Ladislaw Starewich's studio

Lithuania draws deeply from the same well that has sustained eastern European animation since the artform was invented. Infused with elements of dark fairytales; centuries of sculptural and visual arts practice; a certain need to ‘surrealise’ narratives for political purposes; and the full range of social and cultural influences, challenges and upheavals; the best Lithuanian animation can be challenging and compelling in equal measure as well as being able to offer a window into the history of the country for those with the right eyes. And it all started 100 years ago when one of the founding fathers of animation, Ladlislaw Starewich, started manipulating his little bugs, which enthralled audiences as much then as they do now.

The Insects’ Christmas
Ladislaw Starewich
LITHUANIA, 6’29, 1913
The film that started it all. An absolute classic from one of the true Godfathers of animation, who created many of the stop-motion rules and techniques still in use to this day.
Initiative / Iniciatyva
Antanas Janauskas
LITHUANIA, 4’06, 1970
Although not immediately obvious, this film was created as one artist’s restrained but condemnatory response to the events of the Prague Spring of 1968.
The Tree / Medis
Nijole Valadkeviciute
LITHUANIA, 5’08, 1983
A surrealist, cut-out, tour-de-force featuring a cast of fascinating prehistoric monsters rampaging across an ever changing landscape full of constantly erupting surprises.
The Secret Of A Cactus /
Kaktuso paslaptis

Valentas Aškinis
LITHUANIA, 5’30, 1988
A classic, Lithuanian fairytale interwoven with a number of paths that all lead to the prickly truth that – ultimately – love triumphs over anger.
Bogeyman / Baubas
Ilja Bereznickas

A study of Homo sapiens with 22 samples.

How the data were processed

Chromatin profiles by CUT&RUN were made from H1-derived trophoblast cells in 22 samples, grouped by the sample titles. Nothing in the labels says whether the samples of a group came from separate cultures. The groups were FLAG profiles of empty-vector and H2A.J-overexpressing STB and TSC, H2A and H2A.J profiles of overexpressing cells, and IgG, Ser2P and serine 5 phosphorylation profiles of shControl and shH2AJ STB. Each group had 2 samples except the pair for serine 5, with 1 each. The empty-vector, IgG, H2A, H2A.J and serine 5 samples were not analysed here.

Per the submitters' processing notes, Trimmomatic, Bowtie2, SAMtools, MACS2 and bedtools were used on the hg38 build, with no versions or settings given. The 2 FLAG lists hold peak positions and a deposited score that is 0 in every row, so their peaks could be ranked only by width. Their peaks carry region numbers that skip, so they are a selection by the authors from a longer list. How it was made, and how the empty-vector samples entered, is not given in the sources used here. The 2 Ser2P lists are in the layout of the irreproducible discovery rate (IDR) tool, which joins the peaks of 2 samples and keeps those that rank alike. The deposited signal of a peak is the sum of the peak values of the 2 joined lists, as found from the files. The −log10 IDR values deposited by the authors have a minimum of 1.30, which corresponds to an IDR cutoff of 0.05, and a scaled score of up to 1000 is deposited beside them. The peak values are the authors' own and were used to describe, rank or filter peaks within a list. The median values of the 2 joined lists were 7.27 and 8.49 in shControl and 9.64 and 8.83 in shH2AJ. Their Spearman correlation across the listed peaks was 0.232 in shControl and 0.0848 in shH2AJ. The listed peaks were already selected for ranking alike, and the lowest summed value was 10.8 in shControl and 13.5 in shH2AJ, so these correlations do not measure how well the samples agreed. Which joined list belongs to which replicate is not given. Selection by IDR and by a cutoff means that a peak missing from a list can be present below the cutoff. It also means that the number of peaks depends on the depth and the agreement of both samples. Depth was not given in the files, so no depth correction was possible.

LITHUANIA, 10’04, 1987
Even a card-carrying bogeyman comes with his own treasure trove of tricks, illusions and conjurings. But they are only as powerful as you let them be and it’s possible to turn the most wily of bogeymen into your friend if you persevere.
Generosity / Dosnumas
Zenonas Šteinys
LITHUANIA, 10’05, 1988
Regarded as one of the finest Soviet films ever made and a quintessential visualisation of the existential phases that make up our lives.
The Chair / Kede
Antanas Janauskas
LITHUANIA, 1’00, 1995
A cuttingly simple treatise on the cold, relentlessness of bureaucracy. The man may change but the chair and the system lives on.
Metamorphoses / Metamorfozes
Jurate Leikaite
LITHUANIA, 6’16, 1996
A mad, mad discordant study of interpersonal relationships embedded within a cultural shift that insinuates the collapse of an old system in the midst of a new order taking its place.
Bridge / Tiltas
Ieva Miskinyte
LITHUANIA, 4’07, 2007
Remorselessly mining the rich vein of a Kafka story, this tumultuous collision of cut-outs, hand-drawn images and photos, sheets home an acerbic philosophical story of life’s continual challenges.
Ragana - A Witch's Magic /
Ragana - Raganos Burtai

Antanas Skucas
LITHUANIA, 1'00, 2008
A witch makes a special deal with the devil, knowing that it is forever.
Rabbit's Cabbage / Zuikio Kopustai
Vladislav Berezok
LITHUANIA, 5'35, 2011
A beautifully crafted childrens film based on a traditional Lithuanian fairytale about a rabbit who tries to get some cabbage seeds from heaven to plant in his garden.
The Button
Ieva Miskinyte
LITHUANIA, 5’47, 2012
A cryptic story about the vast metaphorical lost and found, people and buttons, and the invisible yarn that connects and binds them all.
Independence Day /
Nepriklausomybes diena

Urte Budinaite
LITHUANIA, 5’40, 2012
Making his unlikely escape and bid for freedom through the back of a radio, a man gains both more and less than he bargained for.
We May Meet, We May Not
Skirmanta Jakaite
LITHUANIA, 5’25, 2011
One of the most captivating and fascinating films we received this year. The strengths and the fragilities of the relationship that exists between parents and children are tested against the background of a foreboding forest that offers no obvious escape.
Guilt / Kalte
Reda (Bartkute) Tomingas
LITHUANIA, 5'22, 2013
A lonely fox isolates herself from the world to enjoy the pleasures of being tormented by guilt. But as the days go by, and as her world begins to crumble, she must choose between madness and reconciliation.